The BO called me back and said the vet had looked at Ashke and wasn't concerned about the injury. He expected the nasal bleeding to continue for 24 to 48 hours but said it wasn't anything to worry about. I got home and told J I needed to run out and check on him, so we headed north.
There was a small abrasion just under his eye.
The side of his face was pretty swollen.
I'm pretty sure I know what happened. He does turnout with a very sweet horse named Cory and the two of them play gelding games pretty much non-stop. There is no kicking but there is a lot of face fighting and rearing. I think Ashke swung his head away from Cory and smacked the fence.
Hi cheekbone, jaw and jowl were all swollen. He was eating and bright eyed, but a little cranky with it.
His cheek between his jaws was a bit swollen.
And his nostril was dripping blood.
I took pics and sent them to Saiph, then gave him horse crack and kisses and headed home.
When I got up the next morning I had a series of texts from Saiph asking questions about how he was feeling, what the swelling felt like and what I had seen. She was worried about air having gotten between his skin and his cheek from the abrasion on his face or a perforated airway that was allowing the same thing. She wanted me to have the vet come back out and double check, including an xray of his skull to rule out skull fracture.
I pretty much freaked and called the vet, texted my boss I was going to be late and J and I headed to the barn. The vet ruled out the air in his jowl, ruled out a perforated airway, dosed him with banamine to help bring the swelling down and told me to alternate hot and cold on that side of his face to help with the swelling. He didn't think an xray was warranted unless Ashke was worse and there was nothing we could do about the bloody nose except pack the nostril, which would put him in more distress than the slight bleeding that was happening. An examination up his nose did not show anything to him that would indicate needing xrays. (I also don't think he had the xray machine with him.) He concurred with the earlier vet's assessment, that Ashke had given himself a black eye and a bloody nose.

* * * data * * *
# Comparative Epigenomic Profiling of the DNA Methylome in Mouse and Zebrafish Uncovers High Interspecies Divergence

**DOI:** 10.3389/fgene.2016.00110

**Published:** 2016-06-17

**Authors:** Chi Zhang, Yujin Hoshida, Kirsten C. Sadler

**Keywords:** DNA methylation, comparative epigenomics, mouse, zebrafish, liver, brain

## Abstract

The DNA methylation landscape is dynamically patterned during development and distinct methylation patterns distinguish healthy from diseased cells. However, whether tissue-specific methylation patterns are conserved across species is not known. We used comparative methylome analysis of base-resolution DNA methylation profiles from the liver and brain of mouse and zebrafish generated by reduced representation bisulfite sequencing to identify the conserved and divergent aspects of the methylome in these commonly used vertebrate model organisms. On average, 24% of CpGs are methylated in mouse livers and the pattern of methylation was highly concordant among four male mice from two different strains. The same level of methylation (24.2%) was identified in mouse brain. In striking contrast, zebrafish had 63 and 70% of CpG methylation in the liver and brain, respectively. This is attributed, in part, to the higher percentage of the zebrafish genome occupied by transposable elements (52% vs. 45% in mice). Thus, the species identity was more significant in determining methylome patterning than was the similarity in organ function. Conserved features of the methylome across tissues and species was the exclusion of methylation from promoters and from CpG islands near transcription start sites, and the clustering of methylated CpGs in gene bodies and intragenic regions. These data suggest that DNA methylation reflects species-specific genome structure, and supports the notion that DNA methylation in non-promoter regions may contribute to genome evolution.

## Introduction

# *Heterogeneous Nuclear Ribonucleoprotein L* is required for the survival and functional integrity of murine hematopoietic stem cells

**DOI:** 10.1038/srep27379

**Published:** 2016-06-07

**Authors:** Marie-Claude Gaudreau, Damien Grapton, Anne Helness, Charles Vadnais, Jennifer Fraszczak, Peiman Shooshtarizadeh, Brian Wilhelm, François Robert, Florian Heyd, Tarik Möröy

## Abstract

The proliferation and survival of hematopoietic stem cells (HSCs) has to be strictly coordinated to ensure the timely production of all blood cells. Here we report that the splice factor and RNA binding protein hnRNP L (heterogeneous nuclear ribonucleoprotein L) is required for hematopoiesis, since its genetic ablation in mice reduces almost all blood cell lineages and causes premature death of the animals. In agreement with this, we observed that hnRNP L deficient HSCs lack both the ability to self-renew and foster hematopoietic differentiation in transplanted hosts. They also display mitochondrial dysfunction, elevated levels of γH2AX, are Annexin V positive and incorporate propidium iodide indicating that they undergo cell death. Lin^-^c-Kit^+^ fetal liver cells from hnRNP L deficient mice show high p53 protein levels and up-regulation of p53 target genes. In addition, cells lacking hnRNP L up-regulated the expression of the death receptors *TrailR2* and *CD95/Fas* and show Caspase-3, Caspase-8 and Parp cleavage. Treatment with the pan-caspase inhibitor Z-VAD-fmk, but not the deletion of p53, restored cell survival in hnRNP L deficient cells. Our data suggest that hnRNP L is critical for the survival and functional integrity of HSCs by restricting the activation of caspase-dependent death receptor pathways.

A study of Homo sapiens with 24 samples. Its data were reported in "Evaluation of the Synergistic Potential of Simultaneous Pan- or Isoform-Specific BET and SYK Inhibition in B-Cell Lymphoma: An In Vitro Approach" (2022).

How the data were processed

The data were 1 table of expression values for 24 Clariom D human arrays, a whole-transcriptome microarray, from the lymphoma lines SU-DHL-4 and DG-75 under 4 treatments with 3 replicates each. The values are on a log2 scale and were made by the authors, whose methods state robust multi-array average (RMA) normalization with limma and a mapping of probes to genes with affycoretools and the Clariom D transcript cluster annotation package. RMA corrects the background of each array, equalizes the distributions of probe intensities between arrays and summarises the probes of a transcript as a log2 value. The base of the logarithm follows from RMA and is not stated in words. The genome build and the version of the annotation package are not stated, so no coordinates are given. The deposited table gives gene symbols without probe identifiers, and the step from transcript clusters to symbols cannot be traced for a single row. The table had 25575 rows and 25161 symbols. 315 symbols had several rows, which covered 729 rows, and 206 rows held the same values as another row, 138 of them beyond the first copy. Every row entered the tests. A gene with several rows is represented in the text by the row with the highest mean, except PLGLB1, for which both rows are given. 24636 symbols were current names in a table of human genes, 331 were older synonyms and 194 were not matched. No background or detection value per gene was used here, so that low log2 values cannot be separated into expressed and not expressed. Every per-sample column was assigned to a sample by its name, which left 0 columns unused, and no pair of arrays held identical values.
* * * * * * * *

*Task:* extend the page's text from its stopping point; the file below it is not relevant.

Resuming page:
Saiph had some choice words to say about Western vets. She still thinks an xray was warranted and that the vets she knows and has worked with would have done that without hesitation. My experience has been that the vets here are a bit more hands off. Not sure if that is Western callousness or a regional difference in training. My options were limited because CSU is closed to all but emergency life or death situations involving surgery, since they had horses at am AQHA world reining championships that were exposed to the neurological form of EHV-1 and have closed their campus to outside horses.
J hitched up the trailer to take it to get the yearly maintenance done and I went to work alternating hot and cold on his face (I had brought the stuff with me after I had talked to the vet on the phone.) I did that for about an hour and a half, until J got back from dropping off the trailer.
He really liked the hot pad on his face.
My arms had gotten tired of holding it up, so I figured out how to tighten the halter to hold it in place.
He just hung out while I gave him a good grooming, washed the urine and mud out of his mane, and tried to deal with the heavy shedding he has started.
The swelling was about half what it was when I started. He was in a good mood and was very affectionate. He was still bleeding a bit, but the vet had said it could take 24 to 48 hours for that to stop. He went out into his run in the sunshine (by himself) at the end of our hot and cold sessions. I gave him a bunch of kisses, told him not to flip his head into the fence and headed for work.